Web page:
United States Supreme Court
539 U.S. 607 (2003)
In 1998, a California grand jury indicted Marion Stogner (defendant) with sex-related child abuse acts committed between 1955 and 1973. At the time the crimes were committed, the statute of limitations was three years. In 1993, however, California (plaintiff) enacted a new criminal statute of limitations governing sex-related child abuse crimes. The new law permitted (1) resurrection of otherwise time-barred criminal actions and (2) was enacted after pre-existing limitations periods had expired. Under the new law Stogner could be prosecuted for acts committed decades earlier so long as prosecution begins within a year of a victim’s first complaint to the police. Stogner filed a petition to dismiss the abuse complaint based on the U.S. Constitution’s Ex Post Facto Clause in Article I, § 10, cl. 1. The trial court dismissed the indictment but the state’s court of appeal reversed. Stogner then moved to dismiss the indictment, arguing that his prosecution violates the Ex Post Facto Clause and the Due Process Clause. The trial court denied Stogner’s motion and the court of appeal affirmed. The U.S. Supreme Court granted certiorari to review the claims.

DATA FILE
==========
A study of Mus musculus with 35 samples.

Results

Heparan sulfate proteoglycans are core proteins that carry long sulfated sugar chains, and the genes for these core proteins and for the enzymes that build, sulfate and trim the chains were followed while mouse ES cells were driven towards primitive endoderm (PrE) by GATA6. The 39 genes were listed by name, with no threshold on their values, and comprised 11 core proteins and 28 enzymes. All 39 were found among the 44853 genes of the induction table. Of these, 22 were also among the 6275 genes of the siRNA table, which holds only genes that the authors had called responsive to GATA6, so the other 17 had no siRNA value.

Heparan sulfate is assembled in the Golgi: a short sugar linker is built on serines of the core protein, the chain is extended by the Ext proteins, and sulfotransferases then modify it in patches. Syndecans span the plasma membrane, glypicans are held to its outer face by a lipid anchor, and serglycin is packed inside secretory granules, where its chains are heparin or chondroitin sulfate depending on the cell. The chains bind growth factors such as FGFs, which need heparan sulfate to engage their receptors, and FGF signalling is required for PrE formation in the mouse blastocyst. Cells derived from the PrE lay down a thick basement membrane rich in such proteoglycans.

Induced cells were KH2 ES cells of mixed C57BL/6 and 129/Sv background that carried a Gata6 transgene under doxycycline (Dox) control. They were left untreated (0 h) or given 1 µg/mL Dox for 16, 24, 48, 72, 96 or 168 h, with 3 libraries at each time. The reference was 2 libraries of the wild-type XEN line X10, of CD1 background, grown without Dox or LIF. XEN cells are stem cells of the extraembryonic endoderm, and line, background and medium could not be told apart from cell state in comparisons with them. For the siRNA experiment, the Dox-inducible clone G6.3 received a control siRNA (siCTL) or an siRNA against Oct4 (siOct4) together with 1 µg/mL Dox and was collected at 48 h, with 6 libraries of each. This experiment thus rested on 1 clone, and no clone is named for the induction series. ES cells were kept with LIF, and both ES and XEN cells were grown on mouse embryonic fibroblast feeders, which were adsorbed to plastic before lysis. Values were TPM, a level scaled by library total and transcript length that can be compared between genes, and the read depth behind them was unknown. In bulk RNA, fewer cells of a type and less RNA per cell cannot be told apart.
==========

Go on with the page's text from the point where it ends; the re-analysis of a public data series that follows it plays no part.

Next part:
Rule of Law
Holding and Reasoning (Breyer, J.)
Dissent (Kennedy, J.)
What to do next…
Unlock this case brief with a free (no-commitment) trial membership of Quimbee.
You’ll be in good company: Quimbee is one of the most widely used and trusted sites for law students, serving more than 97,000 law students since 2011. Some law schools—such as Yale, Vanderbilt, Berkeley, and the University of Illinois—even subscribe directly to Quimbee for all their law students. Read our student testimonials.
Learn more about Quimbee’s unique (and proven) approach to achieving great grades at law school.
Quimbee is a company hell-bent on one thing: helping you get an “A” in every course you take in law school, so you can graduate at the top of your class and get a high-paying law job. We’re not just a study aid for law students; we’re the study aid for law students. Read more about Quimbee.
Here's why 203,000 law students have relied on our case briefs:
- Written by law professors and practitioners, not other law students. 14,000 briefs, keyed to 188 casebooks. Top-notch customer support.
- The right amount of information, includes the facts, issues, rule of law, holding and reasoning, and any concurrences and dissents.
- Access in your classes, works on your mobile and tablet. Massive library of related video lessons and high quality multiple-choice questions.
- Easy to use, uniform format for every case brief. Written in plain English, not in legalese. Our briefs summarize and simplify; they don’t just repeat the court’s language.